I glanced around the bistro. It overflowed with the lunch crowd, people talking, laughing, sharing good company, enjoying good food. Coffee, strong and rich wafted past our table. I loved the smell of fresh-brewed coffee. But today it just made me feel sick. I felt my lips tug down at the corners and I pressed my fingers hard to still the tremble. A dull awareness pressed down – forever on the outside looking in.
Very slowly, I let my eyes settle on my mom’s face. Familiar. Safe. A face filled with love…a face tight with worry. Worry for me. I hated that I was the cause of the grooves between her brows.
“What is it, Honey?” Mom’s warm fingers tightened round my cold ones. “Maisie, you’re scaring me.”
Another moment slipped away before I found my voice, “Mom, I have to tell you something…but…I’m afraid…” I stared down at our hands, the sound of chatter fading away, the hammer of my heart drowning out the clink of silverware.
“You can tell me anything. You know that. Are you okay? You’re not sick are you?” Her words rushed together, her voice rising slightly.
“No. No, Mom, I’m fine. I…it’s…well I just don’t want you to worry about me anymore.” My voice broke and I grabbed my lower lip between my teeth. I closed my eyes for a moment then started again before I could lose my courage. “You know when you said I need someone to love me?” My words jumbled together with urgency.
Mom nodded, confusion drawing her features together.
“Mom…I have someone to love me.” The tears started then, sliding down my cheeks in a hot river of release. I waited, watching her face. “I have someone,” I whispered, feeling a tear drip from my cheek.
Her face slowly relaxed and she settled back for a moment. A mix of emotion played across her face and I saw her grasp for understanding before she leaned in close and trapped my eyes with hers, “Who is it?”
I glanced past her to the window, absorbing the carefree scene of people strolling beneath shimmering waves of sunlight, their laughter reaching my ears. I scrubbed at fresh tears with my sleeve. “I think you know,” I managed.
A long moment of silence stretched and I stared down at my plate. Tears dripped onto my untouched quiche.
“Is it Jess?”
I found Mom’s eyes and I searched their hazel depths. For what, I’m not sure. But the thing I feared most – the judgement – was not there. Instead I saw love, acceptance.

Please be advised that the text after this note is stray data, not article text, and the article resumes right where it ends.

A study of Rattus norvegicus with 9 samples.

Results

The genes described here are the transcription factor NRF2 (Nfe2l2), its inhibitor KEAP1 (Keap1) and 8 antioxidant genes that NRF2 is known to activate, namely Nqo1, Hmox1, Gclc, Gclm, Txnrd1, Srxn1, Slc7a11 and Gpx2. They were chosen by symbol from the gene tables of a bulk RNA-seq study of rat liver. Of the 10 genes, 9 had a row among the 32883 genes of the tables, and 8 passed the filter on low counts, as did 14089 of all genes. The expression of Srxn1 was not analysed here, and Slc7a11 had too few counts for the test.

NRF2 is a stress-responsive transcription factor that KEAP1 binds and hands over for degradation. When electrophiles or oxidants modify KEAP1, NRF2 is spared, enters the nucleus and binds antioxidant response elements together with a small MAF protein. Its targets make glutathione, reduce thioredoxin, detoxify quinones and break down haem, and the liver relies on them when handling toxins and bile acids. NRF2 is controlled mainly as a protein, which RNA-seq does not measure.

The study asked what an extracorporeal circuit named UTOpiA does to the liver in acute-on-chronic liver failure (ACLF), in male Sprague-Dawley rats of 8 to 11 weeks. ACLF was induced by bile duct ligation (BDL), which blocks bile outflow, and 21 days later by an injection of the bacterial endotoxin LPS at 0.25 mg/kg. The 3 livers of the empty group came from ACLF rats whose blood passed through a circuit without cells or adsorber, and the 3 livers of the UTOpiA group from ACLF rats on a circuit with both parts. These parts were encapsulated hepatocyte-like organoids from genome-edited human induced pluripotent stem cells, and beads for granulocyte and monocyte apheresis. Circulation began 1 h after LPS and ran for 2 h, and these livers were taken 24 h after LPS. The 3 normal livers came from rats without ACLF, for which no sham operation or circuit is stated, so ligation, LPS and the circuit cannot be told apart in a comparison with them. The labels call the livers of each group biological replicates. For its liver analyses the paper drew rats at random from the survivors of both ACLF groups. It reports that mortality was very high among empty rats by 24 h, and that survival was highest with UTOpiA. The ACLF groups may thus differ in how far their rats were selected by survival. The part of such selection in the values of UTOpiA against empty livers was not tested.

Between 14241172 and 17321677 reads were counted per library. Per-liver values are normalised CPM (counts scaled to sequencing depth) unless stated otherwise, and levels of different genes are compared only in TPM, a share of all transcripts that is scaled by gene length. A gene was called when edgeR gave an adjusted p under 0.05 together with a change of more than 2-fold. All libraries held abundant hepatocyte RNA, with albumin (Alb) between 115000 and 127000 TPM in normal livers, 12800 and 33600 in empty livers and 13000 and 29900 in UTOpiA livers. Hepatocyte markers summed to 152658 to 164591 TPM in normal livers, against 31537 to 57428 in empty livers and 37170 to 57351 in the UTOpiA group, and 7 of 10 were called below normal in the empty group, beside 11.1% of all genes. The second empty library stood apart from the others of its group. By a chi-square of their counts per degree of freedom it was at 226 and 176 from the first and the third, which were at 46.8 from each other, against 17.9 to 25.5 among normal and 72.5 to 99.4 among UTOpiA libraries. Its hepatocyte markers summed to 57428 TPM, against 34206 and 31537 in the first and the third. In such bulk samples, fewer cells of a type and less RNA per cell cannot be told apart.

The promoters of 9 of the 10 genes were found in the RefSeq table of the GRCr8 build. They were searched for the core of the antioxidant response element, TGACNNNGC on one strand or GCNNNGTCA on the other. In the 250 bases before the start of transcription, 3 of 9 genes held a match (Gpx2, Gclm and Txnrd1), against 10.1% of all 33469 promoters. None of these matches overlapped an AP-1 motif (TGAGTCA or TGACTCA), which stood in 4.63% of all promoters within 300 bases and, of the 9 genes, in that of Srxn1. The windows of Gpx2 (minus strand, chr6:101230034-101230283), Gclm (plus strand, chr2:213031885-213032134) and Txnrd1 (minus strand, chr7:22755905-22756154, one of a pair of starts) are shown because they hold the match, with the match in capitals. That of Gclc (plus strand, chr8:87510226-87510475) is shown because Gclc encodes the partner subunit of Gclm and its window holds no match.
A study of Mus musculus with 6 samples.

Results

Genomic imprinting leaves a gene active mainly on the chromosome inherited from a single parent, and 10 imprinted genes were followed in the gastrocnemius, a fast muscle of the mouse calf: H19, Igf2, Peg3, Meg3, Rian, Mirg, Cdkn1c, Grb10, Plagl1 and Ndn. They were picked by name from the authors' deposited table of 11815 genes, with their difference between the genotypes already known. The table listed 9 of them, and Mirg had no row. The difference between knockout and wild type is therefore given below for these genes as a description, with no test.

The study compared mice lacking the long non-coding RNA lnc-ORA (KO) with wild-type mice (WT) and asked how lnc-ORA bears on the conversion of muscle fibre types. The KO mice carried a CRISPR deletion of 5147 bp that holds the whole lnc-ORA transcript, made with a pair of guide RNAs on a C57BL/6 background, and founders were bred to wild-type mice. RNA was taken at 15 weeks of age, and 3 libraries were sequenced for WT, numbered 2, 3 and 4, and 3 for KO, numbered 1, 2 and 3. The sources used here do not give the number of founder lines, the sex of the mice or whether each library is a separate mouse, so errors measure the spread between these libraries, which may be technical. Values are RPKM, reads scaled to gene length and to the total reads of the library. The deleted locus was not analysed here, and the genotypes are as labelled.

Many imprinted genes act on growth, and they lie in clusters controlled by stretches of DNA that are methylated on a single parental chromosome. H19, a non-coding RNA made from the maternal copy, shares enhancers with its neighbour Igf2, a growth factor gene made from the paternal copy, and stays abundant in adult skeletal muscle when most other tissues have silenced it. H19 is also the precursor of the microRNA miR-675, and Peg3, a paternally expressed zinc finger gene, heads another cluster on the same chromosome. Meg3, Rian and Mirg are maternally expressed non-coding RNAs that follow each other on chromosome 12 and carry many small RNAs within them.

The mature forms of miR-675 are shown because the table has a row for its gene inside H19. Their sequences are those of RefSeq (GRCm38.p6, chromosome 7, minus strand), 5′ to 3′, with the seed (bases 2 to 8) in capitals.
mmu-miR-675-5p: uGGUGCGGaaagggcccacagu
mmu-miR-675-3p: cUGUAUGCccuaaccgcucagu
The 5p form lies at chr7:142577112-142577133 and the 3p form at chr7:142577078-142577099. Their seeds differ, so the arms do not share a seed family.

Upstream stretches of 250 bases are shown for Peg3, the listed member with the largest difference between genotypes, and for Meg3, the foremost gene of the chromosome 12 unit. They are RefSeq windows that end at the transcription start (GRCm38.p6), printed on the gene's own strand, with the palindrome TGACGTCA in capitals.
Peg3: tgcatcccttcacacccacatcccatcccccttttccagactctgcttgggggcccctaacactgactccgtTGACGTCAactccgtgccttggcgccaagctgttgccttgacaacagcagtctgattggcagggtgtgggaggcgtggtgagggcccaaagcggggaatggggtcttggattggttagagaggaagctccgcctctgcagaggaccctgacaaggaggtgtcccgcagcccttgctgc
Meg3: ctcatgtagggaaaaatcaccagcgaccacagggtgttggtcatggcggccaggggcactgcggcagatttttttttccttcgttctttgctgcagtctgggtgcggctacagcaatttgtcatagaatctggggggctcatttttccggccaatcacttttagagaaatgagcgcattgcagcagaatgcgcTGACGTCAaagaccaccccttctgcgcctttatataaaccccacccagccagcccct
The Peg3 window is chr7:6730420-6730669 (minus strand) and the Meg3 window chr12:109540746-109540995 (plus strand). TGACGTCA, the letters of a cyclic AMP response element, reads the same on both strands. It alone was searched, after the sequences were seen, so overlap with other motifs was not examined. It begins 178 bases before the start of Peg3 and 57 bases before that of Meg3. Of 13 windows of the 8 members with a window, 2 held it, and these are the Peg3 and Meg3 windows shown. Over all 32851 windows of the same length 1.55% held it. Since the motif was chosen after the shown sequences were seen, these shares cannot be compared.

Slowly, I nodded. “Yes,” was all I managed before the crying started hard. Mom held me.
And that was it. With Mom’s three little words, I was free. Free.
Yes! Yes, I was in love with Jess! And she loved me – Maisie!
I let go a long, shaky breath.
But wait. Who was I kidding? I wasn’t free. Far from it.
Now I had to tell my children. But how could I possibly explain something I couldn’t understand myself? How could I do this to them? My loves. My heart.
And like a crumbling leaf, twirling an unhurried waltz-of-death to the ground, the dark despair settled over me again.
God damn. My kids.
“Maisie, you have to tell those kids!” Mom said, reading my mind. “You have to tell them before they find out from someone else!”
“I know, Mom. God. I know,” I whispered through my fingers.
I leaned into her, my face pressed to her shoulder. I felt the stares of the restaurant patrons but I was so past caring. As bad as I felt, it felt so good to let go. So good. So many years of keeping it all in. So many years of trying to hold it together.
Twenty years to be exact.
God, twenty years.
You see, I had way bigger problems than realizing I was in love with a woman. I was married to a man. And I had three children. And for almost twenty years I had lived next door to Jess’s grandparents, trying very hard to be a happily married woman living the White Picket Fence life.
But something inside of me had shifted and with an awkward leap, I had hurdled over the sharp pickets of that fence. And I knew – in my heart – there was no going back.